We live in truly unprecedented times. As of this writing, there have been nearly 900,000 confirmed cases of COVID-19 and well over 40,000 deaths. Doctors, nurses, first responders, and other medical professionals are faced with the herculean task of caring for patients at hospitals whose resources have been stretched to the limit. Our thanks go to them all. While some countries seem to have successfully contained the pandemic, in others it seems the worst is yet to come.
The health impacts of the virus are affecting individuals, families, and societies throughout the world. Compounding this struggle is the fact that COVID-19 is now also driving an economic crisis. The financial fallout will be far-reaching, and societies will have to brace themselves for substantial shockwaves.
While the outlook for the near term is undeniably grim, we do have an opportunity to learn from this disaster and build a better future for humanity. Already, many businesses have begun re-orienting their policies and operations to meet urgent needs within their communities. Efforts in this direction should be made sooner rather than later, in order to keep businesses relevant, productive, and valuable to people in the current environment.
New solutions for old problems
Governments around the world have sprung into action, crafting legislation and emergency measures in response to the pandemic. Significant tax breaks for individuals and businesses, low interest loans, emergency benefits, as well as expansive economic stimulus packages will provide some much-needed relief.
Despite these important government interventions, much remains to be done. In essence, we need to rebuild the core functions of modern society, making them more durable than they were even before the crisis began. Author Nassim Nicholas Taleb calls this concept “antifragile”, in his book by the same name:
Some things benefit from shocks; they thrive and grow when exposed to volatility, randomness, disorder, and stressors and love adventure, risk, and uncertainty. Yet, in spite of the ubiquity of the phenomenon, there is no word for the exact opposite of fragile. Let us call it antifragile. Antifragility is beyond resilience or robustness. The resilient resists shocks and stays the same; the antifragile gets better.
Through this framing, failure offers a chance to rebuild in a way that improves on the original. A changing environment lets us learn and develop even more durable processes that we had before the disruption began. Supermarkets that open early for elderly shoppers may decide to continue this policy long after COVID-19 has come and gone. Restaurants that have recently learned to streamline their takeout and delivery services may choose to keep these functions in place far into the future. Necessity, here, is the mother of invention – and every adjustment that is initially unwanted may lead to new discoveries, novel business concepts, and improved efficiency further down the road.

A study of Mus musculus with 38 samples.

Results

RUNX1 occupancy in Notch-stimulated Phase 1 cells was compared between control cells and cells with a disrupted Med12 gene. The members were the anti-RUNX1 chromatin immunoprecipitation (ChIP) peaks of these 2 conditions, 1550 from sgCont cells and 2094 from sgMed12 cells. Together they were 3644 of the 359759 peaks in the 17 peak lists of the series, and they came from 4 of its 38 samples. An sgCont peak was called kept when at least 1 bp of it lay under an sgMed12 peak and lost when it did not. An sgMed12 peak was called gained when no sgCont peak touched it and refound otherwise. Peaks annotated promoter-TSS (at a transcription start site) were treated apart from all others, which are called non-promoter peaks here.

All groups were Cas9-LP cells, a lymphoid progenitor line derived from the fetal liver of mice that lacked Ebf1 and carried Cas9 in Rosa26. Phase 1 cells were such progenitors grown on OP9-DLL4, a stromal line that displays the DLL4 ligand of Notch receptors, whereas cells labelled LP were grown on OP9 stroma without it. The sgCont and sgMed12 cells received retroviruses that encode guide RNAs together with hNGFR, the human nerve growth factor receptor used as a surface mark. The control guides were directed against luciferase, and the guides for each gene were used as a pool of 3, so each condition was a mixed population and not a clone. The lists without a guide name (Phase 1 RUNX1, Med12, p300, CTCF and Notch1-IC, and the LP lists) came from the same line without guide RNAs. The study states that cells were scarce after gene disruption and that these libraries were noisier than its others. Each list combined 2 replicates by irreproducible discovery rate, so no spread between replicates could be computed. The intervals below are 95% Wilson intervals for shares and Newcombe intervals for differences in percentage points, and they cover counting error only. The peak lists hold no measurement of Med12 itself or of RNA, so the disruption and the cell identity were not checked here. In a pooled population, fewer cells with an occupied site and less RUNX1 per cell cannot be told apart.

Another reason for cautious optimism is that due to the nature of the current crisis, the unifying theme for many of these improvements will likely be that they each come from a communal and cooperative perspective. Indeed, as the present threat does not discriminate and cannot be bargained with, we are all very much in this together. By learning to think and act at international scales, we may put ourselves in a better position to address some of the other large problems we have yet to solve.
A better future on the horizon
More than any other event of our young century, this pandemic has vividly demonstrated our interconnectedness and interdependence. Such an understanding may also serve as a wake-up call on climate change; if we are to get global warming under control, massive worldwide collaboration will be required.
If the events of this period mean anything to the private sector, it should be that corporate social responsibility represents far more than just a PR buzzword. Companies must take it upon themselves to incorporate social and environmental sustainability into their goals and operations. Talk of a circular economy was already gaining mainstream acceptance before the pandemic. It should become even more of a priority when it passes.
In a related development, work itself is also changing dramatically. Many companies are seeing the feasibility and efficacy of telecommuting, and this growing trend will likely continue after the pandemic. If so, the reduction in transport could bring significant environmental benefits.
Most importantly, businesses are now more than ever seeing the irreplaceable value of human capital. An organisation cannot function without its people, and the COVID-19 crisis is currently reminding us all of the primacy of employee health – both physical and mental.
Each of these lessons should inspire us all to focus ever more intently on the important challenges of the modern world. When we overcome the worst of COVID-19, we should be hungrier than ever – and far better equipped – to build a healthier, more equal, and more sustainable future together.